Drinks

Tips for pairing wines with a Thanksgiving feast

Nov. 21, 2013 at 10:20 AM ET


With Thanksgiving fast approaching, I'm often asked how to pair the cacophony of flavors on the turkey table with wine. Though I'm a believer in the drink what you like and eat what you like mantra, here are a few tips to make pairing magic this holiday.

Look for wines with:

Restrained alcohol: Spicy sausage stuffing or sweet potatoes topped with brown sugar can make high alcohol wines taste out of balance.

Little to no oak character: Oak seems more pronounced when paired with sweet and spicy flavors. Steer clear of oaky Chardonnays, for example, though un-oaked styles can be lovely.  

Refreshing acidity: Wines with bright, vibrant flavors work across the board with savory gravy and tangy cranberry sauce.

Fruit-driven flavors or hint of sweetness: Wines that pack a fruit punch or even a dash of sweetness are ideal for balancing the salty flavors on the table while echoing some of sweeter dishes.

Light tannins: Reds with strong tannins (think young Cabernet Sauvignon) can appear grittier with sweet and spicy fare. Wines that have light, smooth tannins will dance with these flavors as opposed to wrestling with them.

Recommended wine types:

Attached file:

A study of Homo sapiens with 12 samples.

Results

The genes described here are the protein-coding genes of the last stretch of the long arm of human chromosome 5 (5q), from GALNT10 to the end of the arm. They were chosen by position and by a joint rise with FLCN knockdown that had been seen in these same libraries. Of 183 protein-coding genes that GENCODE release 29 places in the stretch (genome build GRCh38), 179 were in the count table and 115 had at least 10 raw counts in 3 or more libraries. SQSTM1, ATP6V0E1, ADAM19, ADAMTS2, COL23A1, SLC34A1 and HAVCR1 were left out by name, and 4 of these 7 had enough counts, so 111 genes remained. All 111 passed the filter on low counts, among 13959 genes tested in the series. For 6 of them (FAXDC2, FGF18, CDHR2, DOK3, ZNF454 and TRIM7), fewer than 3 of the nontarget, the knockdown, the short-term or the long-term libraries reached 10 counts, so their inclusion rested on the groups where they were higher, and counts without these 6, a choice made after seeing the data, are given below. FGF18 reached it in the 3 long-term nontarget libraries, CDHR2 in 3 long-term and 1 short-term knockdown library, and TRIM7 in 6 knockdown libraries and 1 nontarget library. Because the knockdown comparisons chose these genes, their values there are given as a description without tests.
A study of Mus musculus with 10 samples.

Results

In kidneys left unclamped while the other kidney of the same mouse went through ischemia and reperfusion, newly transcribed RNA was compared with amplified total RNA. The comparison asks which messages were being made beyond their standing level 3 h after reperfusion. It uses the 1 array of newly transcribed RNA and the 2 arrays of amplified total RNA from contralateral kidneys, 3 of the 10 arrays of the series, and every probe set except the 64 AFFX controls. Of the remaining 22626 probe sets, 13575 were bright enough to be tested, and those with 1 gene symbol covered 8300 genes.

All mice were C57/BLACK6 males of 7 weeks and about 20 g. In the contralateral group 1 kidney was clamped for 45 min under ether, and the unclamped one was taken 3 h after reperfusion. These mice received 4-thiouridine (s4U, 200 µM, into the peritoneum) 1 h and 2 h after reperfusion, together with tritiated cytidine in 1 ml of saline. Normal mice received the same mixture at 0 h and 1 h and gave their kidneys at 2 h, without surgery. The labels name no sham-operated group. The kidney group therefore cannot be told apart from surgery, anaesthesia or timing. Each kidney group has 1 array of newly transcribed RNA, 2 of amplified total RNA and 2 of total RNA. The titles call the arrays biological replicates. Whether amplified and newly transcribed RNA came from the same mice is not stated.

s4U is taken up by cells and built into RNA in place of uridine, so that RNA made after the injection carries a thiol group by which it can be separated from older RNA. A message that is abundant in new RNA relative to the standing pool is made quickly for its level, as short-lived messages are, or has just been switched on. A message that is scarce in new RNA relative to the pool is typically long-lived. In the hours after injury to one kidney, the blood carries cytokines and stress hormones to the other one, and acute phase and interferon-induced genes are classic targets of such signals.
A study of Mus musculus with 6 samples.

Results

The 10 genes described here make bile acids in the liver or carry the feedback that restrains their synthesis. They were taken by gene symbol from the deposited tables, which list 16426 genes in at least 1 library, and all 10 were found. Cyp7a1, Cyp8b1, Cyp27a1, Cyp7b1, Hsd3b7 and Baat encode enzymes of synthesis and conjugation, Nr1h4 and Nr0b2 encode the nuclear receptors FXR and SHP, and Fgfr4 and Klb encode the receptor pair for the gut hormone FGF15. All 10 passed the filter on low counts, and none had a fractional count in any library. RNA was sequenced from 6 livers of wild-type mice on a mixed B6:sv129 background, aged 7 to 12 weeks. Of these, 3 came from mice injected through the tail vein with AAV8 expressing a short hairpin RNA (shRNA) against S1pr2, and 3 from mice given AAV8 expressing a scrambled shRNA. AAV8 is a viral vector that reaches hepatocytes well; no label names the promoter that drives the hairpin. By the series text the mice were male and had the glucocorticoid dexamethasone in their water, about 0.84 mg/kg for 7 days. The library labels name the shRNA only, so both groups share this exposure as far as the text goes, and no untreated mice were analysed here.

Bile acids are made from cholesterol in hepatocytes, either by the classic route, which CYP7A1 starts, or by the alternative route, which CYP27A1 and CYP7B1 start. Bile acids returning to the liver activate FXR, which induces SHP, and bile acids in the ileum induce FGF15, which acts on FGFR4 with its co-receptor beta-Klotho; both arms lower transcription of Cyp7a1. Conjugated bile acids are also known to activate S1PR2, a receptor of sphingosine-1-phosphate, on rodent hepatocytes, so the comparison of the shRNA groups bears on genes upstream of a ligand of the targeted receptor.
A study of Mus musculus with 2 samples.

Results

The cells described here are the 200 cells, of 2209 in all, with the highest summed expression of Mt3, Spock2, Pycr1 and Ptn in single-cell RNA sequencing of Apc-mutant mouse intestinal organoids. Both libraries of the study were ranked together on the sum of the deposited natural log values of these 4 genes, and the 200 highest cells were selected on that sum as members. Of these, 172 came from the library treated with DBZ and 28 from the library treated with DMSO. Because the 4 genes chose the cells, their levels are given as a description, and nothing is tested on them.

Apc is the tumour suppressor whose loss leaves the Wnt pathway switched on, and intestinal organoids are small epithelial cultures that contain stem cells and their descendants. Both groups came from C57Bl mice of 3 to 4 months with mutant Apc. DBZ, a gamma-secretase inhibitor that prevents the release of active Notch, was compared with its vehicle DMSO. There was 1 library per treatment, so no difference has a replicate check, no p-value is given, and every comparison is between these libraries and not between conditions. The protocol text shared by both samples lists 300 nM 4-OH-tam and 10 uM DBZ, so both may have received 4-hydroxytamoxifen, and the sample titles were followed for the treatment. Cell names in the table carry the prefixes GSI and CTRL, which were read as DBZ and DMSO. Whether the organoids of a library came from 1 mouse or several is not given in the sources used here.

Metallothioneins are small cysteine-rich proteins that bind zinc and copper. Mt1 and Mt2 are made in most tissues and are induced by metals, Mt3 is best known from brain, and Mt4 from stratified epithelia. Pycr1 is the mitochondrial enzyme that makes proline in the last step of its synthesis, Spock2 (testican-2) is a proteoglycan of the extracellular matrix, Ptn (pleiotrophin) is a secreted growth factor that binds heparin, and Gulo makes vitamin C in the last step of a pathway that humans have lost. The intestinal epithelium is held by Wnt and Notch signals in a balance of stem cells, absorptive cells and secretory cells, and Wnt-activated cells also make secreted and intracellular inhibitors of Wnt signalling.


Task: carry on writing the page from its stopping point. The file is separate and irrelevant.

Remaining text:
White: Riesling, Gewurztraminer, Pinot Gris, Pinot Blanc, Viognier, Albariño, Chenin Blanc

Reds: Pinot Noir, Gamay (Beaujolais), Cabernet Franc, lower-alcohol Zinfandel, and elegant styles of Syrah

Rosé: All types from slightly sweet blush styles to dry versions

Bubbly: Most sparkling wines work beautifully due to their refreshing qualities, but rosé sparkling is my top choice

Sparkling stars

Chandon Rosé, California $16-$18

This strawberry-scented sparkler is crisp yet lush. It's perfect with appetizers but because it utilizes the red grape Pinot Noir, you can drink through the whole meal from appetizers to main course and even dessert.

Mionetto Moscato Dolce, Italy $12-14

With a whisper of sweetness, this lightly fizzy sparkler complements Turkey-table sweets, but is just as good on it's own with frozen cranberries in each glass as a festive garnish. An ideal all-purpose holiday sipper.

Aromatic whites

2012 Franciscan "Equilibrium" white blend, Napa Valley, Calif. $16-18

A sassy, lightly sweet white blend made with Sauvignon Blanc, Chardonnay and Muscat that foils the richness of stuffing but marries with the sweetness of potatoes topped with brown sugar.

2011Fillaboa Albariño, Rias Baixas, Spain $13-15

Made with the grape variety Albariño from one of northwestern Spain’s top producers, Fillaboa, this beautiful dry white is lush yet lively. Packed with floral aromas and juicy flavors, it’s a wine to adore.

Classic Reds

2012 Light Horse Pinot Noir, California $13-15

It’s difficult to find affordable Pinot Noir but this wine from heralded Jamieson Ranch nails it – one of the best on the market and a must-buy for the holidays. Elegantly styled with red berry notes, the wine pairs well with the lightness of white meat turkey and the tang of cranberry sauce.

2011 Renwood Zinfandel, California $12-14

From classic Zinfandel house, Renwood, comes a spicy, supple Zin that falls on the succulent side of the scale. A dash of the related grape Primitivo and a mélange of other varieties makes this red unique. It has enough power to pair with even the richest dishes on the turkey table. 

Video: Wine expert and author of “The Simple and Savvy Wine Guide” Leslie Sbrocco shares her favorite tips for pairing wine on Thanksgiving.